Mary Khetani, Sc.D., Jenifer Marley, M.S., Megan Baker, M.S., Erin Albrecht, M.S., Gary Bedell, Ph.D., Wendy Coster, Ph.D., Dana Anaby, Ph.D., Mary Law, Ph.D.
Participation in home, school, and community activities is an important indicator of child health and well-being. Evaluating environmental influences on children’s participation can inform efforts to develop sustainable built environments, but few validated measures exist.
To examine the concurrent validity and utility of the Participation and Environment Measure for Children and Youth (PEM-CY) for Health Impact Assessment in non-urban sustainable development projects affecting children with disabilities.
Eighty-nine parents of children and youth with disabilities who identified as residing in a small town or rural community were sampled. Sixty-six caregivers completed the PEM-CY online, and 23 caregivers completed the PEM-CY and CHIEF-CP paper forms. Spearman correlational analyses were conducted to establish the concurrent validity of the PEM-CY environment sections against the CHIEF-CP. Group comparisons by child’s age, number of functional limitations, and annual household income were used to examine differences in summary and item-level responses on the PEM-CY community section.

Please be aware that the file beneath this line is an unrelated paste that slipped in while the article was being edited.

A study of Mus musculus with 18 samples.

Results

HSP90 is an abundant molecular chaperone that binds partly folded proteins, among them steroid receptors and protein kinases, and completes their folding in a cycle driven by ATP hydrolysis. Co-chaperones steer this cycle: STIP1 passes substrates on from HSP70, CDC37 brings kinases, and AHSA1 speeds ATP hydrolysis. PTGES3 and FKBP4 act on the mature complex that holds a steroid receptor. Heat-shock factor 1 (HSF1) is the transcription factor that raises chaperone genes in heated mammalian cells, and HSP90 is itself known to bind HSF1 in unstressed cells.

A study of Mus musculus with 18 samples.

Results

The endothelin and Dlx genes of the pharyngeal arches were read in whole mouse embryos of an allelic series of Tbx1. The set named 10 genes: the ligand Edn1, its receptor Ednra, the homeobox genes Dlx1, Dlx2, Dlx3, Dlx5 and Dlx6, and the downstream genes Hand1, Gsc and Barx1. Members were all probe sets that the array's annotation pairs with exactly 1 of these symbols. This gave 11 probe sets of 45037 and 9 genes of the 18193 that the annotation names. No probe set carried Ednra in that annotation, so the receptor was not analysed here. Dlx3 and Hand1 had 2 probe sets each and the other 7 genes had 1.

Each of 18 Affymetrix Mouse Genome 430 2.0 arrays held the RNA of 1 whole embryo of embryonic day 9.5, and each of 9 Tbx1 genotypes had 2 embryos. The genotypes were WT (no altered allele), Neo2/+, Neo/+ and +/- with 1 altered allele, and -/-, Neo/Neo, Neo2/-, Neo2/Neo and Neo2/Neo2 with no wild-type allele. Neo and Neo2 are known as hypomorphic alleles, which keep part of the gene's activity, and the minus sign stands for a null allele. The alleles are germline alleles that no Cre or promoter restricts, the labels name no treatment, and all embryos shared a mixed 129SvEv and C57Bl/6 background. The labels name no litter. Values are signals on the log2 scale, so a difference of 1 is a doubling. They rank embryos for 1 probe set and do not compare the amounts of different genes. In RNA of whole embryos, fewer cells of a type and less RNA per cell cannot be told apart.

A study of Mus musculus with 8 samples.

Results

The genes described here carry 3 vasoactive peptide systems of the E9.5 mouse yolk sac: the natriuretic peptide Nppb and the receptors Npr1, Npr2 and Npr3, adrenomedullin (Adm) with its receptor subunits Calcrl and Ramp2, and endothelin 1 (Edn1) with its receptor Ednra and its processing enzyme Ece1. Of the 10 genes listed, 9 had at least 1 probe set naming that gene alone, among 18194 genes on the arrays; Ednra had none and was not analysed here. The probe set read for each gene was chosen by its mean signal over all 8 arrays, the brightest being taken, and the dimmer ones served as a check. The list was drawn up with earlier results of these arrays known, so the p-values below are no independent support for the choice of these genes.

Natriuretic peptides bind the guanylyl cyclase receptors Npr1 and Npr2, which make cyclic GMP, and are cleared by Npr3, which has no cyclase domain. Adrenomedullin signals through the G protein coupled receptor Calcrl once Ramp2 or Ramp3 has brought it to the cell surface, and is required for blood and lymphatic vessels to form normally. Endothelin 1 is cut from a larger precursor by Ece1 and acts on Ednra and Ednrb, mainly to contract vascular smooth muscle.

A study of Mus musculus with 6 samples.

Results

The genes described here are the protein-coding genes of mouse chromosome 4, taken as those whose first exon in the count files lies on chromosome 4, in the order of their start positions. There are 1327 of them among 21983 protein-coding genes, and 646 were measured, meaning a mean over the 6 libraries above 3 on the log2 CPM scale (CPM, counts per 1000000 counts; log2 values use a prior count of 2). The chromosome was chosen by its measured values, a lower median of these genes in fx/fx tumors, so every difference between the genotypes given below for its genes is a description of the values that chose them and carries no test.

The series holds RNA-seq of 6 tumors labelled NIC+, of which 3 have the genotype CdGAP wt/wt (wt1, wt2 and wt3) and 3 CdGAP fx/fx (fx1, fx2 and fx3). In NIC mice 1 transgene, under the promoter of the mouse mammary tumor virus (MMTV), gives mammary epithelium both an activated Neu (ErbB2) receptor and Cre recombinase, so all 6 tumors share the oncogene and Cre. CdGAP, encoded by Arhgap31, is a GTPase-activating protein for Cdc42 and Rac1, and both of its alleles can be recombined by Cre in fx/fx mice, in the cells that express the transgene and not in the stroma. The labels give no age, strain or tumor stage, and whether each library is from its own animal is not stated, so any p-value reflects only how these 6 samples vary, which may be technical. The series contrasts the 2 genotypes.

Moderate to strong associations were found between CHIEF-CP Total Product and Magnitude Scores and all PEM-CY Environment Summary Scores. CHIEF-CP Physical/Structural and Policies Subscale Scores were most consistently associated with PEM-CY Environment Summary Scores. Group differences by household income were found for participation frequency and number of supports, including perceived availability and adequacy of money and information about programs and services, even when controlling child’s age and number of functional limitations.
Study results lend support to the use of the PEM-CY in HIA to reliably assess for environmental impact on children’s participation. Implications for using the PEM-CY to inform decision-making in non-urban sustainable development projects affecting families of children and youth with disabilities are discussed.